Yale-NUS College will open in 16 months. No amount of criticism from faculty, alumni or others will stop Yale’s first-ever international franchise from welcoming its inaugural class of students in fall 2013.

The school’s opening will be the keynote of University President Richard Levin’s efforts to globalize Yale. It is also clearly a boon for Singapore. The city-state’s government wanted a way to train a diverse group of students to help Singapore thrive, and it wanted a brand name to anchor the new college. It received everything it could have asked for by signing a name as big as Yale. Both sides have expressed their excitement about the partnership with speeches and press events.

But the truth remains that Yale will henceforth be closely linked with an authoritarian regime, and the University will have to find a way to balance partnership and pushback. It will not be enough just to advance the frontier of modern education or to build an excellent, rigorous college. The University must use all its weight to keep the new institution true to Yale’s values and to the needs of future students at Yale-NUS.

Yale was founded to teach moral fortitude and leadership in civil and religious spheres. Now, lux and veritas point to acceptance of all students and points of view. Yale teaches students to question standard practices and to uncover what is right. All that is crucial to the academic environment, and it — not the U.S. News and World Report rankings — is the true Yale brand. Yale-NUS may be on track to help Yale’s commercial and global prestige, but it has to promote Yale’s commitment to equality and freedom, too.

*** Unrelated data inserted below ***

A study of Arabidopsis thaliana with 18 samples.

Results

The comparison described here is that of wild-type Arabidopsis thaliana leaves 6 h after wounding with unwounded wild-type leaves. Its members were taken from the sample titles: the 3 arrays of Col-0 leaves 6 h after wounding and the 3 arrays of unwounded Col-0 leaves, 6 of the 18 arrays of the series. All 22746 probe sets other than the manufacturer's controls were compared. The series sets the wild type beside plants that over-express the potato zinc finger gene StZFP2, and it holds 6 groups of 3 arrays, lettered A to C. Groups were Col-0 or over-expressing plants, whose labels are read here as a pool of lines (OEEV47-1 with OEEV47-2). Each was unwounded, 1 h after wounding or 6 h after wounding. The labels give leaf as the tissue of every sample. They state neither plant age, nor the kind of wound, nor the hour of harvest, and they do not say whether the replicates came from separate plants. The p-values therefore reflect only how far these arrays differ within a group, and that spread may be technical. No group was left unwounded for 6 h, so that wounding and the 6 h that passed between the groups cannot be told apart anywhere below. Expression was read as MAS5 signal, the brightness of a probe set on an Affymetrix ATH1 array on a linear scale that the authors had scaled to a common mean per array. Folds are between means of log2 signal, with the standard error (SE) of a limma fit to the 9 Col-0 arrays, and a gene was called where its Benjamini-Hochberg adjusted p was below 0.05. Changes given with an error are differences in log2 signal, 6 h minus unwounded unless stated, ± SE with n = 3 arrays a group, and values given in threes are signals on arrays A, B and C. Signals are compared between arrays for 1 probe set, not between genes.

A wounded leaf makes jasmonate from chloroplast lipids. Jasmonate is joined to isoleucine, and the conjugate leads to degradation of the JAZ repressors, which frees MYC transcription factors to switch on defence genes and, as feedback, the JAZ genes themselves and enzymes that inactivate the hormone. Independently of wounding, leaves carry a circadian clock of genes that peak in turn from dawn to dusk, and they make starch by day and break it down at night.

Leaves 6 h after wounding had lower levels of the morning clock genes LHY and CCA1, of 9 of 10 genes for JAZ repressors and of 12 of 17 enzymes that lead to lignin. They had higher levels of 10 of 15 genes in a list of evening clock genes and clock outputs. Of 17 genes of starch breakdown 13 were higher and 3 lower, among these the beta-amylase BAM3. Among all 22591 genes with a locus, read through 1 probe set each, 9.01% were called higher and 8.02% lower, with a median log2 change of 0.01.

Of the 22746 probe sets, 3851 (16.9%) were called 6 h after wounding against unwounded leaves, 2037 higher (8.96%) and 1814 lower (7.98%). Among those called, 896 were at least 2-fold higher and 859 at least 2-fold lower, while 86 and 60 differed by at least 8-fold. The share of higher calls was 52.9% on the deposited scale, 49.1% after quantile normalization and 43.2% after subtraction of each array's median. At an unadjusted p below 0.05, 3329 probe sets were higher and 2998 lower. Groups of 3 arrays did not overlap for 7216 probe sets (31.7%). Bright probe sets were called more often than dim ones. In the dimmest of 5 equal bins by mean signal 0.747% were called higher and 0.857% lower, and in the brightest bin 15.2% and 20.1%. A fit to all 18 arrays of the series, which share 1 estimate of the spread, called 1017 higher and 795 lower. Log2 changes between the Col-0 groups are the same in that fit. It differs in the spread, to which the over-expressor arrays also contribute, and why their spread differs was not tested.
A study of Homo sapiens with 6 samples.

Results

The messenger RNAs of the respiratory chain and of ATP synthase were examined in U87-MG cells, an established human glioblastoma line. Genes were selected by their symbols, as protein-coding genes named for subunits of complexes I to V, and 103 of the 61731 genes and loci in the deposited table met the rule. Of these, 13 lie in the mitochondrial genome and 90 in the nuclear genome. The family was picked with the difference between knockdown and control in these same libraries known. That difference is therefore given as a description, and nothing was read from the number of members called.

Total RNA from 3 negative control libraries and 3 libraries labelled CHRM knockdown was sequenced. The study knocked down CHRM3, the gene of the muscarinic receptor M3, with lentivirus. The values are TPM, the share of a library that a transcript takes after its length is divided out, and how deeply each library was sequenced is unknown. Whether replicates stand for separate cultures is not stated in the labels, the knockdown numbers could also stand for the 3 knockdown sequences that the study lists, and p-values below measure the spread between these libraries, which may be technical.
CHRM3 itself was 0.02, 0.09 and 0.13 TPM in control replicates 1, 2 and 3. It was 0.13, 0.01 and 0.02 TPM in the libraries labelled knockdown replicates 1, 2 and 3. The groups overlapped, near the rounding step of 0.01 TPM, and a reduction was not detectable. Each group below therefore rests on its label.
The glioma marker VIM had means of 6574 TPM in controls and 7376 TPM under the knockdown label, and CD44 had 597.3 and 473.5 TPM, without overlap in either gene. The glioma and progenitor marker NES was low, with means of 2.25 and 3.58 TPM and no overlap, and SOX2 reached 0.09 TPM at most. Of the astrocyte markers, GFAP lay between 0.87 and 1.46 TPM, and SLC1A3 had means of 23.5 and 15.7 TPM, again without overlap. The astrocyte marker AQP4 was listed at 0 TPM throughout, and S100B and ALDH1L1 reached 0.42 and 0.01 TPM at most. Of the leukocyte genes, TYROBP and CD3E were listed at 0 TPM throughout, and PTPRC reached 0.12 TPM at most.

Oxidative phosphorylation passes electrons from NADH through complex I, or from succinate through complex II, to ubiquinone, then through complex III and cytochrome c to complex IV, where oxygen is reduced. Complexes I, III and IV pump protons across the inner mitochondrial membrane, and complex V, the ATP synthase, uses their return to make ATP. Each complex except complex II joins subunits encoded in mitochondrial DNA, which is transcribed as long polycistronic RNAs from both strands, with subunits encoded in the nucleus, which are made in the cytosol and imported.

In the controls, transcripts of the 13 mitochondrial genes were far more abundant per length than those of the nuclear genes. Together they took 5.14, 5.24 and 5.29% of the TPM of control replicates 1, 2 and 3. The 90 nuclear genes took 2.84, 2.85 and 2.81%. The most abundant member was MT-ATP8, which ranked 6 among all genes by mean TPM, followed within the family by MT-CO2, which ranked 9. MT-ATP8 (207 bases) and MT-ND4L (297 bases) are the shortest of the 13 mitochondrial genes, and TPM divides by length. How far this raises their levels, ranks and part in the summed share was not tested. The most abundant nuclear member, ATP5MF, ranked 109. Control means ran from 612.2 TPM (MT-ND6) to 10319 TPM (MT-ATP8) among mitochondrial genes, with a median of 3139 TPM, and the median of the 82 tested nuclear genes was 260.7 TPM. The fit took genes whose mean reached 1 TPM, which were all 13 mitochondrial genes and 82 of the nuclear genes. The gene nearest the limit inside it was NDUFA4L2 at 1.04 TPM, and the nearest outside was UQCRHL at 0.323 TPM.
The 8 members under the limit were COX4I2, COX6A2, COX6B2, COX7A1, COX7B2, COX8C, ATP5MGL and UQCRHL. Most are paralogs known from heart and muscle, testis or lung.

Yale is dedicated to public service and fighting injustice. Singapore’s regime allows dissent within the classroom — but only within the classroom. Ideas are not meant to be fenced off in safe spaces. Imagine a Yale where debates could not spill out of classrooms and into dining halls, train cars and the speeches of politicians across the country. That school would not be Yale, and it would not be able to live up to Yale’s educational values. Education does not lie solely in the academic sphere. Academic freedom is worthless without social and political freedom.

In the self-censoring atmosphere at NUS, where current students can neither protest freely nor register an official LGBTQ group, holding a liberal arts education to Yale’s standards is impossible. It is Yale’s duty to fight for the same freedom for the students at Yale-NUS as for those in New Haven.

The students who arrive at the new college will be searching for a kind of education that doesn’t yet exist in Singapore. They will want the challenging discussions and the political activism and the chance to question their fundamental tenets. Once these students enroll in a school bearing Yale’s name, it will be Yale’s responsibility to ensure that they get what they’re signing up for.

Should Singaporean policies interfere, Levin must lead the way in standing up for his students. If Yale cannot ensure the rights of the students at Yale-NUS, its presence in Singapore will be a disgrace.